Jury deadlocks in K-State professor’s rape trial

By Katherine Wartell

The trial of an assistant K-State professor accused of rape ended in mistrial Friday when jurors declared they could not unanimously agree on a verdict.

A new trial date for William Yankey, 29, Manhattan, is scheduled to be set during a status hearing on June 3.

Jurors deliberated for approximately three-and-a-half hours before sending a note to presiding District Judge Meryl Wilson stating they would be unable to come to a unanimous decision.

Yankey, a visiting assistant professor of interior architecture and product design, is accused of raping a former friend in December 2007 when he visited the woman and her husband at their Manhattan home.

According to testimony by the now 27-year-old victim, Yankey had digitally penetrated her vagina and groped her breast as she slept in her bedroom, while her husband was not in the room.

Yankey, who had moved from Manhattan following graduation from K-State, was visiting the couple for the fall graduation weekend. The victim’s husband was reportedly his best friend.

The alleged assault occurred, the victim said, after Yankey and the couple had drinks in Aggieville after Yankey arrived in town.

But Yankey, who said he was too drunk to remember the night, claims the woman told him a different version of events in a subsequent meeting with her. According to him, the woman said they were talking in her bedroom when he came on to her and tried to grope and kiss her. In court, Yankey denied any allegations of rape.

Jurors, composed of ten women and two men, listened to a little more than two full days of testimony as well as closing statements before they were released to deliberate at mid-morning on Friday.

During the deliberation, the jury requested to once again view footage of Yankey’s initial interview with a Riley County detective made in June 2012 after the victim had reported the alleged rape in May of that same year. (Yankey had moved back to Manhattan in 2009 to accept a faculty position at K-State.)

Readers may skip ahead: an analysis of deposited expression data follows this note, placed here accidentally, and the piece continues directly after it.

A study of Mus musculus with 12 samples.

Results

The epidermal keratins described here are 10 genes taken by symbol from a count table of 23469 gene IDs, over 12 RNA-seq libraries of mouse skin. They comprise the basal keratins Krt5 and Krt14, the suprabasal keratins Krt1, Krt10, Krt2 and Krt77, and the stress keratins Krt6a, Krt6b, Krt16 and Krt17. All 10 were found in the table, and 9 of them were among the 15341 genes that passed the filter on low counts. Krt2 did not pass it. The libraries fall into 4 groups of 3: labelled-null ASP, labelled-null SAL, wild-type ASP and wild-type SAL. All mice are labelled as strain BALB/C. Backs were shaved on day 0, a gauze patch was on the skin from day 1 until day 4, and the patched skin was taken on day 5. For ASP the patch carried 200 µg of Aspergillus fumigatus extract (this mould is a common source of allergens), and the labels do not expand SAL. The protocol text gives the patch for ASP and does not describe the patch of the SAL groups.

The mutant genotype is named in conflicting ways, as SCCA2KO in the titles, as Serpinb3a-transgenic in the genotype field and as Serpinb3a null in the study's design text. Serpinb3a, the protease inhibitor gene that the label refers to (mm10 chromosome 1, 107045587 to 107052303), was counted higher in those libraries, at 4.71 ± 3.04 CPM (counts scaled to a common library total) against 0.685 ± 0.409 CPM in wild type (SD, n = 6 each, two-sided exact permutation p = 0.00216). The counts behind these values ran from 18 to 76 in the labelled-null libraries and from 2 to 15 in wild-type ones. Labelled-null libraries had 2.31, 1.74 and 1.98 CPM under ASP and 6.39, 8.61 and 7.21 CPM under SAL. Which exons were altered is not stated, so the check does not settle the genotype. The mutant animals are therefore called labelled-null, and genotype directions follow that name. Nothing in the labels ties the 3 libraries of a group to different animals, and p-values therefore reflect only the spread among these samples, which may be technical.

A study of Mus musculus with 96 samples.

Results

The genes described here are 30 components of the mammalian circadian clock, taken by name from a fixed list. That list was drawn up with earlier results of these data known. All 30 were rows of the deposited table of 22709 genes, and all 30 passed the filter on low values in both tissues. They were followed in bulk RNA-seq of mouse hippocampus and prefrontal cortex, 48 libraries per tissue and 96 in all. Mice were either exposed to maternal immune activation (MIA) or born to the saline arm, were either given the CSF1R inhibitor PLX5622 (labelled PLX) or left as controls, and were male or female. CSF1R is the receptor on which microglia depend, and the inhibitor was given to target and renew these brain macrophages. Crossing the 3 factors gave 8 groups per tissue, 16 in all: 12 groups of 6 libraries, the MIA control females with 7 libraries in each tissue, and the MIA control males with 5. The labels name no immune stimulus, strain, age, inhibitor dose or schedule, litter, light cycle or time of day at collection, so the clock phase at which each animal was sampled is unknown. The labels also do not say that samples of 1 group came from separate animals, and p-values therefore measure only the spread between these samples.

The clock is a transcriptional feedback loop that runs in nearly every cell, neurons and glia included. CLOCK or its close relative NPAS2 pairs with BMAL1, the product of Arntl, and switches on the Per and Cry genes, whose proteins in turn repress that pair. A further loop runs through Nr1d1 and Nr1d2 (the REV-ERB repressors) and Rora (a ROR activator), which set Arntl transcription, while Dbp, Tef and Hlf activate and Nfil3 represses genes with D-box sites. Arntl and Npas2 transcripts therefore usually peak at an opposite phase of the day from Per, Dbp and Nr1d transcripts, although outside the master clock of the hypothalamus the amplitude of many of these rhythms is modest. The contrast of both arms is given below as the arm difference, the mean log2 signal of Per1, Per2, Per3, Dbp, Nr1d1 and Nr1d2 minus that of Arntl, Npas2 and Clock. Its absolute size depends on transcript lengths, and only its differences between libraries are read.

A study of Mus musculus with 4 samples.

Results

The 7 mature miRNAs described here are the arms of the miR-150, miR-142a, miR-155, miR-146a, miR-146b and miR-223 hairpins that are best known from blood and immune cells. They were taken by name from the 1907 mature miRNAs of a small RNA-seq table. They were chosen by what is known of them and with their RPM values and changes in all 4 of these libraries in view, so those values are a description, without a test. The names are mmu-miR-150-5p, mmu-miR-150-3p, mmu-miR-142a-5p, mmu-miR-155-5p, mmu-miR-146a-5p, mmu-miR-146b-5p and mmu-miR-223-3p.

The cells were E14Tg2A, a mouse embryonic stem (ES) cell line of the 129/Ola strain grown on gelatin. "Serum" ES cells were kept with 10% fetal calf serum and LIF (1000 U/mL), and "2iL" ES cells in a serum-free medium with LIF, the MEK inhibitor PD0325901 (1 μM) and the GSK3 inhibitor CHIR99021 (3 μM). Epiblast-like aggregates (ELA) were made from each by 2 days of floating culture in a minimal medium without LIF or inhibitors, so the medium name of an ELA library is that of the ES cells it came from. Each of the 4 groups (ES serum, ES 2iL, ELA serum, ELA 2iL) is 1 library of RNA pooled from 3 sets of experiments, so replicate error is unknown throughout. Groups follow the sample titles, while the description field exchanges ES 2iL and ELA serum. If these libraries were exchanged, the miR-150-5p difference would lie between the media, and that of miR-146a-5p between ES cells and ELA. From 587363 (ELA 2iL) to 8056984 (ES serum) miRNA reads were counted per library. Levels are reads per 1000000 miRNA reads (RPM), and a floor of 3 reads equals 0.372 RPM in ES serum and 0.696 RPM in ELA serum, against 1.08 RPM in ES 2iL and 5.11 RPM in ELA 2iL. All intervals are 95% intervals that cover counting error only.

In the interview, Yankey can be seen telling the detective that he had not been aware of any allegations of rape until that day, recounting the meeting with the victim in which he claimed she did not mention rape.

The interview was used by the defense, represented by Barry Clark, to suggest that Yankey had no idea what the meeting with detectives involved and therefore had no time to make up a story.

But the state, represented by assistant county attorneys Barry Disney and Kendra Lewison, denied that claim, arguing the victim had told Yankey she raped him in their subsequent meeting and that her husband had accused him of the same during an angry phone call in 2009 after the victim had told him what allegedly happened.

Along with testimony from the victim and the defendant, jurors also heard from the victim’s husband, friends of both and police officers assigned to the case.

In closing statements, Disney told jurors to ask themselves what motive the victim had to make her story up. He argued there is no “normal” behavior for rape victims, despite the defense’s attempt to present her behavior following the alleged rape, which included social interactions with Yankey, as something a “normal” rape victim would not engage in.

But Clark argued the state had not provided any physical evidence of a crime and had failed to meet the burden of proof.

Though defense had not provided a motive for the victim’s claim during the trial, Clark posited in closing statements that the victim had made up her story during a heated argument with her husband. Clark suggested she had perhaps been worried that she had hidden what happened between her and Yankey in their bedroom—or the events Yankey claims she told him—and was too scared to tell him. “Maybe she kissed (Yankey) back,” Clark said.

Clark said the tragedy of the case is that Yankey has had his name dragged through the mud and his career wrecked.

Disney told jurors their job is not to worry about Yankey’s employment and discredited Clark’s claims, stating, “(the victim) deserves better.”